Teaching and Training Tools for the Undergraduate: Experience with a Rebuilt AN-400 Accelerator
There is an increasingly recognized need for people trained in a broad range of applied nuclear science techniques, indicated by reports from the American Physical Society and elsewhere. Anecdotal evidence suggests that opportunities for hands‐on training with small particle accelerators have diminished in the US, as development programs established in the 1960’s and 1970’s have been decommissioned over recent decades. Despite the reduced interest in the use of low energy accelerators in fundamental research, these machines can offer a powerful platform for bringing unique training opportunities to the undergraduate curriculum in nuclear physics, engineering and technology. We report here on the new MSU Applied Nuclear Science Lab, centered around the rebuild of an AN400 electrostatic accelerator. This machine is run entirely by undergraduate students under faculty supervision, allowing a great deal of freedom in its use without restrictions from graduate or external project demands.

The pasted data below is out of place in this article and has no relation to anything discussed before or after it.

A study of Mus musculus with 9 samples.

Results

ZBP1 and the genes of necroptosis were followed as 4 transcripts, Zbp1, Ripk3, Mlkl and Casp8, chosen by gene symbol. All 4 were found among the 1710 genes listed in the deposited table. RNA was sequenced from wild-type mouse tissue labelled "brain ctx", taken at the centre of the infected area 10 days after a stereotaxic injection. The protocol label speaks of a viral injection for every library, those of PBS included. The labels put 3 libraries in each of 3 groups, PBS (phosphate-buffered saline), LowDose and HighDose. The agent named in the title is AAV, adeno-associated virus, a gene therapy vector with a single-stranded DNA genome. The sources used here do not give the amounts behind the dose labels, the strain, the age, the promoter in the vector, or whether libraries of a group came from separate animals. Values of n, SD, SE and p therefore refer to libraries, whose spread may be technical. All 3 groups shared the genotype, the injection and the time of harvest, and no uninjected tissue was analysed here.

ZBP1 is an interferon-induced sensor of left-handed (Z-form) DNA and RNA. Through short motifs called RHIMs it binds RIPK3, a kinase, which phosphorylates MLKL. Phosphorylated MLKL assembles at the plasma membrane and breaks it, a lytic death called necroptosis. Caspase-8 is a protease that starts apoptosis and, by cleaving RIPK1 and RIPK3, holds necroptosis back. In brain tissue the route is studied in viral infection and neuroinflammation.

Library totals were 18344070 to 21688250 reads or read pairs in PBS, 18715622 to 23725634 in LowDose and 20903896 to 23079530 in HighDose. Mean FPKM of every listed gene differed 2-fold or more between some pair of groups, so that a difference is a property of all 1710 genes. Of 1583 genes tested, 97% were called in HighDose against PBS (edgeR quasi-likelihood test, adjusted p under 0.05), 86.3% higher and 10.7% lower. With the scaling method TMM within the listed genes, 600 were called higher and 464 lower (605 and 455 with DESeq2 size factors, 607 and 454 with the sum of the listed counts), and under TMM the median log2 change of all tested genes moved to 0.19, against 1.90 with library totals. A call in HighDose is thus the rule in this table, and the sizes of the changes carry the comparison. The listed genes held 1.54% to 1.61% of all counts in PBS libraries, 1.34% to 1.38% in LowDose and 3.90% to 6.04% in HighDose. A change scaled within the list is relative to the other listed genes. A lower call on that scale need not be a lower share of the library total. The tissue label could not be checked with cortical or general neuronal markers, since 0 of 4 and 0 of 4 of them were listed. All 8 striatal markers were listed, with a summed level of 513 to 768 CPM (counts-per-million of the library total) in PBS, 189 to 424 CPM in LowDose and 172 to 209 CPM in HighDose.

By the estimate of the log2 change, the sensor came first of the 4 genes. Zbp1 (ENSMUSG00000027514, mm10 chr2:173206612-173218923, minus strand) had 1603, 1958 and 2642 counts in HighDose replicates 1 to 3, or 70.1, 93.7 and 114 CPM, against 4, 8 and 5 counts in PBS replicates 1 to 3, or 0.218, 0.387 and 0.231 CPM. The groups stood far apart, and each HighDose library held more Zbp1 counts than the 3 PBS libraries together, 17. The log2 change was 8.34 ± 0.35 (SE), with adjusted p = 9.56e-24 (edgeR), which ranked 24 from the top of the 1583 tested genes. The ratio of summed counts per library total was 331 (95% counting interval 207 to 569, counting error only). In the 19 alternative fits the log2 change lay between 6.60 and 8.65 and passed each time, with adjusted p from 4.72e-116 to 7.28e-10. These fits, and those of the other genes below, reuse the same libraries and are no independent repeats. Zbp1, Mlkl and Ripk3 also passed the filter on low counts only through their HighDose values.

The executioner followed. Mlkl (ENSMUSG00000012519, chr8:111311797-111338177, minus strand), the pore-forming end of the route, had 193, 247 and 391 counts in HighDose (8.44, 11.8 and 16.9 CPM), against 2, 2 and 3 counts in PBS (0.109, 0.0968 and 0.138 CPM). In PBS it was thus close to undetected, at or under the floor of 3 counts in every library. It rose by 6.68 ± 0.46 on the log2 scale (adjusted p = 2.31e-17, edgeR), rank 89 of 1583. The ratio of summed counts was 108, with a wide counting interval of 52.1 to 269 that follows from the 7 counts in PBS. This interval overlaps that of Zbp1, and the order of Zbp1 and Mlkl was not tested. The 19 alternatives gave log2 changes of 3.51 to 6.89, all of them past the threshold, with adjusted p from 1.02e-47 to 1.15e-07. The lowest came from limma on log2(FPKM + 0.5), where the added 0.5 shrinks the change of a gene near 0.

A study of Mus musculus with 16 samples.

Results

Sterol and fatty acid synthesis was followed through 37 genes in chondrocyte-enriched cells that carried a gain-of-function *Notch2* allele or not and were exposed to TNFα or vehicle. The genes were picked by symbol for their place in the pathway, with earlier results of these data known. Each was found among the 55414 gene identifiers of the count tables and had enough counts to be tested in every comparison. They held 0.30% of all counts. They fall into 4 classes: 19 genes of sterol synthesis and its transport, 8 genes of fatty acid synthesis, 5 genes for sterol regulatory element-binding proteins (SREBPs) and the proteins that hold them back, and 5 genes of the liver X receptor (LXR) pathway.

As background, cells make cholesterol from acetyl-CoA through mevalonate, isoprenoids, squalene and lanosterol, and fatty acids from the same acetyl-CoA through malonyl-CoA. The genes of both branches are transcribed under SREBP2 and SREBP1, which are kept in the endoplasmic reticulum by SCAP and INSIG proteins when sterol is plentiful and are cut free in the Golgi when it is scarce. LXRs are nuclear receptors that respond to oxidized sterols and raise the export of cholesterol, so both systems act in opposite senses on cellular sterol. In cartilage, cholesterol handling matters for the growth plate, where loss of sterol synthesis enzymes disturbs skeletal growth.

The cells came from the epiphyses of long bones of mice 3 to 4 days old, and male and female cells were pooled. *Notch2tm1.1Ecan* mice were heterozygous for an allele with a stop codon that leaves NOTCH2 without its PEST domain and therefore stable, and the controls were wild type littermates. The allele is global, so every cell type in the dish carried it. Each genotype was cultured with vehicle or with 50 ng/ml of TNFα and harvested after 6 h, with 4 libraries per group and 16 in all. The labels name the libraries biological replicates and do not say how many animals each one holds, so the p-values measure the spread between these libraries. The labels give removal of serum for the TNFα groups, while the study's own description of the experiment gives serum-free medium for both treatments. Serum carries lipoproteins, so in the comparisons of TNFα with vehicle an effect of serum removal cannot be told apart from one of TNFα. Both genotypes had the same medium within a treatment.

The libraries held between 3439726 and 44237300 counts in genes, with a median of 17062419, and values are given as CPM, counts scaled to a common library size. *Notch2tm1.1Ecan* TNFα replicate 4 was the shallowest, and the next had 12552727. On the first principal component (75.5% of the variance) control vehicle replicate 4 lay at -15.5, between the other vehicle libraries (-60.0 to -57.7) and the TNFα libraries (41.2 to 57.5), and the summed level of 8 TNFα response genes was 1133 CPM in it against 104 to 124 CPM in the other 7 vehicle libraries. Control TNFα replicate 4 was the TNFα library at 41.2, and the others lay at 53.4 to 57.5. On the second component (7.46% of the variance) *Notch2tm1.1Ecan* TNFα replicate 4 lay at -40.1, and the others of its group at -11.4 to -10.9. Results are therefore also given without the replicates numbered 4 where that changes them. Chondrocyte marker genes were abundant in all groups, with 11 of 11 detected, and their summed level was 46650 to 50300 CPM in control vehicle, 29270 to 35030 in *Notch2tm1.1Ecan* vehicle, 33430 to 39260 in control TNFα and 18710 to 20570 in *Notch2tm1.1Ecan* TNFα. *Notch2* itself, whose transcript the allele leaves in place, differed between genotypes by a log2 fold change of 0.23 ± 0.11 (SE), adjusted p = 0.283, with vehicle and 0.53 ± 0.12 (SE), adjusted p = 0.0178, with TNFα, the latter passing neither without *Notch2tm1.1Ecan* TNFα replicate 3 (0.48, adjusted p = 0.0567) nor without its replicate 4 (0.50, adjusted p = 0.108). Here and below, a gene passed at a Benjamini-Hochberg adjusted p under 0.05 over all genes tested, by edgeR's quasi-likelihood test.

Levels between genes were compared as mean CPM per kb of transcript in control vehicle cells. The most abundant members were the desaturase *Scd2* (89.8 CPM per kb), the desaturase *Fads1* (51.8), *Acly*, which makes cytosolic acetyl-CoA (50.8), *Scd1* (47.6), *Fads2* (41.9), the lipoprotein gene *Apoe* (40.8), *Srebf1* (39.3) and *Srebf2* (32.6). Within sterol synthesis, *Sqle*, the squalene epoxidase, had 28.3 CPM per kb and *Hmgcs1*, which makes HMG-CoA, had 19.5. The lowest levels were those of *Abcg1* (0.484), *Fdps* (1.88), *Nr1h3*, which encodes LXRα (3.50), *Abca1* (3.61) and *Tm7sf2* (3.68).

Physics and Astronomy
AIP Conference Proceeding
A.D. Roberts (2013). Teaching and Training Tools for the Undergraduate: Experience with a Rebuilt AN-400 Accelerator. Application of Accelerators in Research and Industry 21st International Conference, August 2010, Fort Worth, TX.
Publisher's Copyright and Source
Copyright © 2011 American Institute of Physics. Abstract published by the American Institute of Physics in AIP Conference Proceedings, volume 1336, 2011, pages 734-737. Available online: http://dx.doi.org/10.1063/1.3586199.